A NORTH Ayrshire dad has pleaded for people not to forget those who are shielding from the potentially deadly coronavirus.

Gavin Paterson, 37, has had to stay at home for the last 13 weeks to protect himself from catching COVID-19.

The dad-of-one received a kidney transplant in 2008, which means he has to take medication to suppress his immune system, making him vulnerable to viruses.

He told the Herald: “When I was unwell before the

transplant, I couldn’t go to work, I was quite isolated, wasn’t able to go to the shops very often and I was spending a lot of time in the house.

“Lockdown has brought back some of the feelings I had from being unwell.

“You feel like a bit of an outcast. Other people are going out, going to work, you feel left out.”

Gavin’s transplant, donated by his sister, made him feel integrated into normal life again.

Now the pandemic has reminded him of what his life was like before.

He said: “At the outset, watching the news, and seeing the mortality rates, and recognising the position I was in was high risk.

“It was quite frightening.

“Most of us in the shielding category, we’ve been through some difficult times, and a lot of us have been through life-threatening times, been close to death.”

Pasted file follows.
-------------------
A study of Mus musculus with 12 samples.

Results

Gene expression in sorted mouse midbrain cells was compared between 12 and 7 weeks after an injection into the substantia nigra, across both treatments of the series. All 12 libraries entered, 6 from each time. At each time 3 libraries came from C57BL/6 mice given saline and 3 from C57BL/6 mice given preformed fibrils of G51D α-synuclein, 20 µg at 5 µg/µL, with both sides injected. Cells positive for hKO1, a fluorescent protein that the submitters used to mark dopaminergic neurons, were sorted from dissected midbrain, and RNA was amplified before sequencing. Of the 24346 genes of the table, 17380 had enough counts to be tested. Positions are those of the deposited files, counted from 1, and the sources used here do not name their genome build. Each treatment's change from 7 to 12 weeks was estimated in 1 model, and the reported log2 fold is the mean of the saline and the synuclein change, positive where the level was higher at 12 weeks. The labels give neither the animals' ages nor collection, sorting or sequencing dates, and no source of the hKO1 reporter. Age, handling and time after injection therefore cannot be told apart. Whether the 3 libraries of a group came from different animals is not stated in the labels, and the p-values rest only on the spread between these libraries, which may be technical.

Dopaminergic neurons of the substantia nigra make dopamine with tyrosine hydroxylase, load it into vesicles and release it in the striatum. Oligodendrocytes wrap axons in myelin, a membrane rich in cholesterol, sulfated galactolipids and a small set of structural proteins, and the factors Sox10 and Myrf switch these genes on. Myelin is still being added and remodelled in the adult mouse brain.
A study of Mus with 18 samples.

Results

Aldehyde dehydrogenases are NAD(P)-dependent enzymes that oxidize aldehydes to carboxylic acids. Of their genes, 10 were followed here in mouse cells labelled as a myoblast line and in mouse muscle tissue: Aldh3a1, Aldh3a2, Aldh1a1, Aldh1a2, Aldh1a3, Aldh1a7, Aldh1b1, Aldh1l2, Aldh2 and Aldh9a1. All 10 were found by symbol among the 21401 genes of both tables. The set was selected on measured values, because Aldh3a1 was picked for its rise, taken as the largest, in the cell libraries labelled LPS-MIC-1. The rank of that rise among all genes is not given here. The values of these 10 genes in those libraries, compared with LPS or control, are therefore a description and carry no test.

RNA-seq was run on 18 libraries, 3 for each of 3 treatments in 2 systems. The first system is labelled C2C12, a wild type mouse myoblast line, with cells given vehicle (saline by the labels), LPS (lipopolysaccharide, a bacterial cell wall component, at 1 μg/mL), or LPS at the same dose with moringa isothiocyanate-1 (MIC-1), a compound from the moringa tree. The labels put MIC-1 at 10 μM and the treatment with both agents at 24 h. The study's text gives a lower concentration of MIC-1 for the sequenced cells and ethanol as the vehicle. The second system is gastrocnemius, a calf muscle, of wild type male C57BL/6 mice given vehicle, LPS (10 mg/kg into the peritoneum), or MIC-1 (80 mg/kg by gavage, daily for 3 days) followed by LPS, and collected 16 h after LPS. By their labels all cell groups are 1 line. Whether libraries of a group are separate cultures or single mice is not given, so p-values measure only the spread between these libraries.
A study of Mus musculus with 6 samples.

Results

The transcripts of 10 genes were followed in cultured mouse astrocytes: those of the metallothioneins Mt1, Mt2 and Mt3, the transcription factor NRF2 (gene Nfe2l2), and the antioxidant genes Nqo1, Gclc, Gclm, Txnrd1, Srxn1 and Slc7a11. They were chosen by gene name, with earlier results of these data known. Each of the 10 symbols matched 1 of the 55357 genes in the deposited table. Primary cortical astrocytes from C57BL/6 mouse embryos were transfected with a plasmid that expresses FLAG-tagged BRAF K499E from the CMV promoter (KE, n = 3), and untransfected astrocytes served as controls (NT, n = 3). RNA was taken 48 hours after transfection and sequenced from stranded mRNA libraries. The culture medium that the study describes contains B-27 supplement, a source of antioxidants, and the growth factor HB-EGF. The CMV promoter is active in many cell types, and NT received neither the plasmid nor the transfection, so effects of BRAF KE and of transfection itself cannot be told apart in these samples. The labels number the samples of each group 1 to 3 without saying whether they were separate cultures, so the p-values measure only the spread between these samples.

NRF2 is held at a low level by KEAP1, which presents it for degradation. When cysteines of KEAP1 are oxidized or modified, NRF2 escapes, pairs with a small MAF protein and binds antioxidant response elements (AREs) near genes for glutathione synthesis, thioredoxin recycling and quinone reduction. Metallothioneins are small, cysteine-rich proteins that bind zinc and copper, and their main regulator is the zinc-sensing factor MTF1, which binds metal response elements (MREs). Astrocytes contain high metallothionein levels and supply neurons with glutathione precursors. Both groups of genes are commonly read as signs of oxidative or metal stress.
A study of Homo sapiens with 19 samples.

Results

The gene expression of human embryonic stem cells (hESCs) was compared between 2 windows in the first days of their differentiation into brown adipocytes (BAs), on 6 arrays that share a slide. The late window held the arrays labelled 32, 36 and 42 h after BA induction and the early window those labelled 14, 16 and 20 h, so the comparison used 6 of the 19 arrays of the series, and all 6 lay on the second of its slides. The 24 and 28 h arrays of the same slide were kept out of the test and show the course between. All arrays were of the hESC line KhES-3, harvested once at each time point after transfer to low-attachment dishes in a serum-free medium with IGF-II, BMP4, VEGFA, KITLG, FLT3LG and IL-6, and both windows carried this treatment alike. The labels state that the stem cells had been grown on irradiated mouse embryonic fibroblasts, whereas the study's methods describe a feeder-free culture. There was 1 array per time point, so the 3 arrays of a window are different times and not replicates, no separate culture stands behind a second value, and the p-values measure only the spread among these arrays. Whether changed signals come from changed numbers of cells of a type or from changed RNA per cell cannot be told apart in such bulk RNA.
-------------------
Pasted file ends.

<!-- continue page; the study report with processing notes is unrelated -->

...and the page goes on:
Gavin said the first week was full of sleepless nights, kept awake by fears for his daughter and wife if he wasn’t around for them.

Gavin’s wife, Paulina, 38, and their daughter Georgia, two-and-a-half, have been isolating with him.

After the first couple of weeks, however, the anxiety receded, and he felt fortunate to be at home, safe with his family.

Although Paulina and Georgia have been able to go out once a day for a walk somewhere secluded, they’ve not been able to see family or friends – making it difficult for them too.

Gavin said: “How do you explain to a two-year-old why they can’t hug their grandparents?”

“It’s been very hard watching the two of them going out for a walk ever day, my daughter asking me why I’m not coming with them.”

Last week at First Minister’s Questions, Nicola Sturgeon said shielding for those that are vulnerable has been ‘undoubtedly the most difficult part of lockdown’.

There are around 180,000 people in the shielding group.

Gavin said: “I would like to urge people to check-in on anyone whom they know to be shielding, whether it be a text, call or email.

“It is a very lonely time for some of us. Don’t forget about us.”